News: Artistic Kaneohe resident gives back to MCB Hawaii
Story by Christine Cabalo
MARINE CORPS BASE HAWAII - When Patricia Phillips decided to help those in need at Marine Corps Base Hawaii, her solution was in the bag.
The 84-year-old creates shopping bags, purses and other handmade items to support the Navy-Marine Corps Relief Society and the Wounded Warrior Project, Inc. She sells her homemade items in the lobby of The Lodge, Tuesdays and Fridays, donating all profits to the service member supportive organizations.
“This is a two-fold benefit,” said Phillips, who is also part Native Hawaiian. “I’m able to give these organizations money, and I have a reason to get up in the morning to get dressed. Otherwise, I get lazy.”
Phillips, a retiree from the hotel hospitality industry, started the project four years ago. She was inspired to help after getting encouragement from The Lodge’s management and seeing a NMCRS fund drive sign nearby. Her items have sold in boutiques and in Waikiki hotels, but Phillips hasn’t always sewn as well as she does now.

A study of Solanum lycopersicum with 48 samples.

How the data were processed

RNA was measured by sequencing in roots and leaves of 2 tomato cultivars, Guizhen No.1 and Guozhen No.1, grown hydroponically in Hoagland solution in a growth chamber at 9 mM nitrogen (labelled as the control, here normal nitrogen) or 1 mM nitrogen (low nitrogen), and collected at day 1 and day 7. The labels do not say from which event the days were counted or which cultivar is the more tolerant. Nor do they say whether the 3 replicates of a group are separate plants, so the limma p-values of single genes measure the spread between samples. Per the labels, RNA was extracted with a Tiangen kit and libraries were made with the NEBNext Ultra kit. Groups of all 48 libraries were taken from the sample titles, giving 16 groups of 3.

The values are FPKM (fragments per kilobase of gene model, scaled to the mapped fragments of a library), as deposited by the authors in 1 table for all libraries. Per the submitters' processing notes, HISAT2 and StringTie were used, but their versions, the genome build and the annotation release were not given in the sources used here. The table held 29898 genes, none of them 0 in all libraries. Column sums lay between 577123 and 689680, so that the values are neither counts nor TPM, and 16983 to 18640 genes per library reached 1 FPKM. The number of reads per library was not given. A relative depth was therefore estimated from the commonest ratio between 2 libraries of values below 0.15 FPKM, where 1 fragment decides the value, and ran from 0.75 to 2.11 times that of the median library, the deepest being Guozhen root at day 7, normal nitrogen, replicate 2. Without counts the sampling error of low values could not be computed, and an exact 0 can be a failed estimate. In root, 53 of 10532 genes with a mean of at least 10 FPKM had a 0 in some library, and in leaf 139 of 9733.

“I got an F in home economics,” she said. “My mother taught me embroidering and she’d poke at the loose stitches in the back of the piece ... But the only way to get better is really just to practice what you sew.”
After a lifetime of sewing, Phillips said the activity now keeps her arthritis at bay and relaxes her. The project is an extension of the crafting she’s done all her life, including traditional Hawaiian lei-making. She averages approximately five hours of sewing by hand each week, to keep up with demand.
“The purses and shopping bags are the most popular items but take the longest time to make,” she said. “I don’t always sell something when I come out, but for the days I don’t sell anything, there are days when we do really well and make up for it.”
Many customers are repeat buyers who love the designs and want to support those in need on base.
“I buy from her especially because it helps the wounded warriors,” said Leonor Decena Nordlund, who works at The Lodge and is a former Marine Corps spouse. “All the bags, towels and other items I buy, I usually give to guests.”
As more people have noticed her work, Phillips has expanded to paper crafts made in Zentangle, a style of relaxed drawing using repeating patterns. Card sales all go to Wounded Warrior Project, Inc., while sales from all the other crafts are split evenly between the two groups.
“I’m touched by what she does,” said Cheryl Milca, Kaneohe Bay branch director of NMCRS. “It amazes me that someone (takes) the time to make those cards and crafts. She’s doing it out of a passion and not for herself.”
The NMCRS awarded her a certificate of recognition, but Phillips said her reward is crafting a better life for others.